Alibi V.28 No.42 • Oct 17-23, 2019 

Odds & Ends

Odds and Ends

Dateline: Japan

An elderly man was arrested for stealing 159 bicycle seats in a bizarre act of revenge. Sora News 24 reports that Tokyo police arrested Akio Hatori for stealing the seats in 2018. Last week, authorities arrested Hatori after security camera footage allegedly showed him removing a bicycle's seat and placing it in his own bicycle's basket. Further footage showed Hatori riding with a number of seats stored in his basket. When police searched his home, they found 159 seats in total. When investigators asked why he stole the seats, he admitted that he'd wanted people to experience what he'd been through. “I stole the seats as a form of revenge,” he said. Hatori told authorities that he'd been the victim of a bicycle seat theft in 2018. He claimed he was very upset about the incident and decided to begin stealing strangers' seats to somehow even the scales. Tokyo police held a press conference following the arrest last week and displayed all the stolen seats for reporters and residents. It is unclear if any of the seats' owners have come forward to claim their missing equipment.

Dateline: Turkey

A beekeeper who was fed up with honey-stealing bears decided to make them taste testers. According to Daily Mail, agronomist and beekeeper Ibrahim Sedef, owner of Zedef Apiary in the northeastern Turkish province of Trabzon, has spent years trying to deter brown bears from eating his expensive stock of honey. The bears reportedly damaged his hives on a number of occasions and outsmarted every attempt Sedef made to keep them out. Finally, the beekeeper decided to compromise with the large predators by running an experiment to determine their preferences in the hope of controlling their behavior. He laid four bowls of different honey samples and one bowl of cherry jam on a table and set up a CCTV camera to capture footage of the bears' reactions. According to Sedef, the bears vastly prefer Anzer honey, a rare honey that can only be collected in small amounts and costs nearly $500 for two pounds—the most expensive honey the beekeeper produces. This particular honey is special because it is cultivated on the Anzer plateau, home to up to 90 unique species of flowers that don’t grow anywhere else. Anzer honey is known not only for its special taste, but also for its curative properties. Sedef has decided to offer up bowls of honey to the bears to avoid more property damage but says he isn't angry about what's already done. “When I look at the bears' funny behavior filmed by my hidden camera, I forget about all the damage they cause,” he told reporters.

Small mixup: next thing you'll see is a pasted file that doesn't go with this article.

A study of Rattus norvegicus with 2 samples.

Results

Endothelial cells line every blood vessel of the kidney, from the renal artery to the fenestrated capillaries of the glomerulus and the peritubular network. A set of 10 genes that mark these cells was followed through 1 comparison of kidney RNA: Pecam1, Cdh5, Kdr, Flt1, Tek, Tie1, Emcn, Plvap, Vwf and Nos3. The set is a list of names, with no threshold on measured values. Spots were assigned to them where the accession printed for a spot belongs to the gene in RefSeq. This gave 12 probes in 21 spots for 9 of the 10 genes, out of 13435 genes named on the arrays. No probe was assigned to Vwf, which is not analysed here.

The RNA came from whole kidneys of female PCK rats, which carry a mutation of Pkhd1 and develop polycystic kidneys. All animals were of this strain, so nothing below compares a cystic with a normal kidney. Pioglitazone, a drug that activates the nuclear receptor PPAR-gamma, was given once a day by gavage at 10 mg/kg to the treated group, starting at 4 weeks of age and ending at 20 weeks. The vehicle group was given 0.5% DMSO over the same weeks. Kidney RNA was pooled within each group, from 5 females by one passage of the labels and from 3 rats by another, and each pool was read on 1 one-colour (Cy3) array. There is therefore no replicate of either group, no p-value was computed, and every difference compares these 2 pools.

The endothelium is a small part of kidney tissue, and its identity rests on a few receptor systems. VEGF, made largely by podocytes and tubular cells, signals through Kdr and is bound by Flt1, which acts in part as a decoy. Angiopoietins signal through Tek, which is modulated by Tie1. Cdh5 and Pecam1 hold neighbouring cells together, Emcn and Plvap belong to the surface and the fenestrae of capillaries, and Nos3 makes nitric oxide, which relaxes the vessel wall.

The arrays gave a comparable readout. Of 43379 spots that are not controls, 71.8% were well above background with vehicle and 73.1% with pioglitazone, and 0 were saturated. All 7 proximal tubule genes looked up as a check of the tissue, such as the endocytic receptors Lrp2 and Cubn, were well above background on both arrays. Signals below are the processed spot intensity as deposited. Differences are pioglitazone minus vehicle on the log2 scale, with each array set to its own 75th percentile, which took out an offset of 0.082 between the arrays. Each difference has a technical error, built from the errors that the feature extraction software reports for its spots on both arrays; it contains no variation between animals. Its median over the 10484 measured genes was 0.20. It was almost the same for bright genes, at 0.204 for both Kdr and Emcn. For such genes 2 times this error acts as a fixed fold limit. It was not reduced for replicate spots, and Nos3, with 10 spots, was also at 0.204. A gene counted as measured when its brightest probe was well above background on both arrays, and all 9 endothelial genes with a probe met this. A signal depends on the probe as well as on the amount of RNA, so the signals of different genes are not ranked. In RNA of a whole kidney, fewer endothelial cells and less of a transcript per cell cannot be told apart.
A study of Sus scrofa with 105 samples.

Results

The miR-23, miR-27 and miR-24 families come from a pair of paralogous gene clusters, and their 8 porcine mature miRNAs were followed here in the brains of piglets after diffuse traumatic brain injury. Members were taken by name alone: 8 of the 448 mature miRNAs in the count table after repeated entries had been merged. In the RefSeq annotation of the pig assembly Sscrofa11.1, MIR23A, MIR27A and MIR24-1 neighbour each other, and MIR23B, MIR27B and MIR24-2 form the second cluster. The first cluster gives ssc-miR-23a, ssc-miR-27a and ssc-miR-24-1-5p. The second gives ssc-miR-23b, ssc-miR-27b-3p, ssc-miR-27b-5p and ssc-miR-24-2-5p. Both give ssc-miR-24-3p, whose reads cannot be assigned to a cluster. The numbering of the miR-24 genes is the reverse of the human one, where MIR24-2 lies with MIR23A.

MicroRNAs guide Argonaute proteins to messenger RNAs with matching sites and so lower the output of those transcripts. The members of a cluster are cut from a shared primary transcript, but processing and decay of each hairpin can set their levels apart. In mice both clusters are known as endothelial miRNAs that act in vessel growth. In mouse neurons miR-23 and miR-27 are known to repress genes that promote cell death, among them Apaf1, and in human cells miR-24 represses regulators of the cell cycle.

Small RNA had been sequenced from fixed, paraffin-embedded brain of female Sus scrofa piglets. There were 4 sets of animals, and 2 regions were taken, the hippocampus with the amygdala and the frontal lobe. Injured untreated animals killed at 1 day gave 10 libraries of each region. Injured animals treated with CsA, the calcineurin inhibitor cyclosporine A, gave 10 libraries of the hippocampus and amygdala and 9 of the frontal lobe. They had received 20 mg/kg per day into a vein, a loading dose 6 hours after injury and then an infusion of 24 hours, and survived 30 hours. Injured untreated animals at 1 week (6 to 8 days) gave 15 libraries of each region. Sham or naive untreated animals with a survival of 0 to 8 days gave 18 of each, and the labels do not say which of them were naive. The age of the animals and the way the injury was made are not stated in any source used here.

Dateline: California

An anti-vaccine protester was arrested after she hurled a menstrual cup full of what was found to be blood at lawmakers during a meeting of the California Senate last month. The Sacramento Bee reports that last week, the red substance that was thrown at the senators was positively identified as human blood. Authorities say the sample did not test positive for any blood-borne pathogens or infections. The incident in question occurred last month as California lawmakers met for the final day of the 2019 legislative year. Anti-vaccine protesters had reportedly been gathering at the capitol for most of the year to speak out against two new laws that further restrict vaccine exemptions. Anti-vaxxers say the laws are an example of government overreach. Several protesters were gathered at the state Senate on the final evening of the legislative year, including Rebecca Lee Dalelio. According to police, Dalelio stood in the balcony of the Senate and threw “a feminine hygiene device containing what appeared to be blood” onto the senators' desk. She then shouted, “That’s for the dead babies.” The chamber was immediately evacuated and the session resumed three hours later in another chamber. Officers reportedly took Dalelio into custody without incident. She was charged with felony vandalism, misdemeanor battery and four other counts related to disruption of official state business.

Dateline: Japan

A ninja student received top honors for handing in a seemingly blank sheet of paper. According to BBC News, Japanese student Eimi Haga took a course in ninja history at Mie University and was tasked by her professor to write an essay about her visit to the Ninja Museum of Igaryu. The instructor told the class he would give high marks for creativity, so Haga came up with a plan to make her essay more noticeable. Using the ninja technique of “aburidashi,” the young woman soaked soybeans overnight before crushing them into a paste and squeezing them in a cloth. The resulting extract was mixed with water and used as an ink to write the essay. When the ink dried, the words became invisible. Haga wrote a note on the apparently blank sheet: “heat the paper.” Professor Yuji Yamada told reporters that he was surprised when Haga turned in the essay. “To tell the truth, I had a little doubt that the words would come out clearly. But when I actually heated the paper over the gas stove in my house, the words appeared very clearly and I thought 'Well done!'” Yamada gave the essay full marks, “even though I didn't read it to the very end because I thought I should leave some part of the paper unheated,” he said. Haga said the content of the essay was “nothing special.”

Compiled by Joshua Lee. Email your weird news to josh@alibi.com.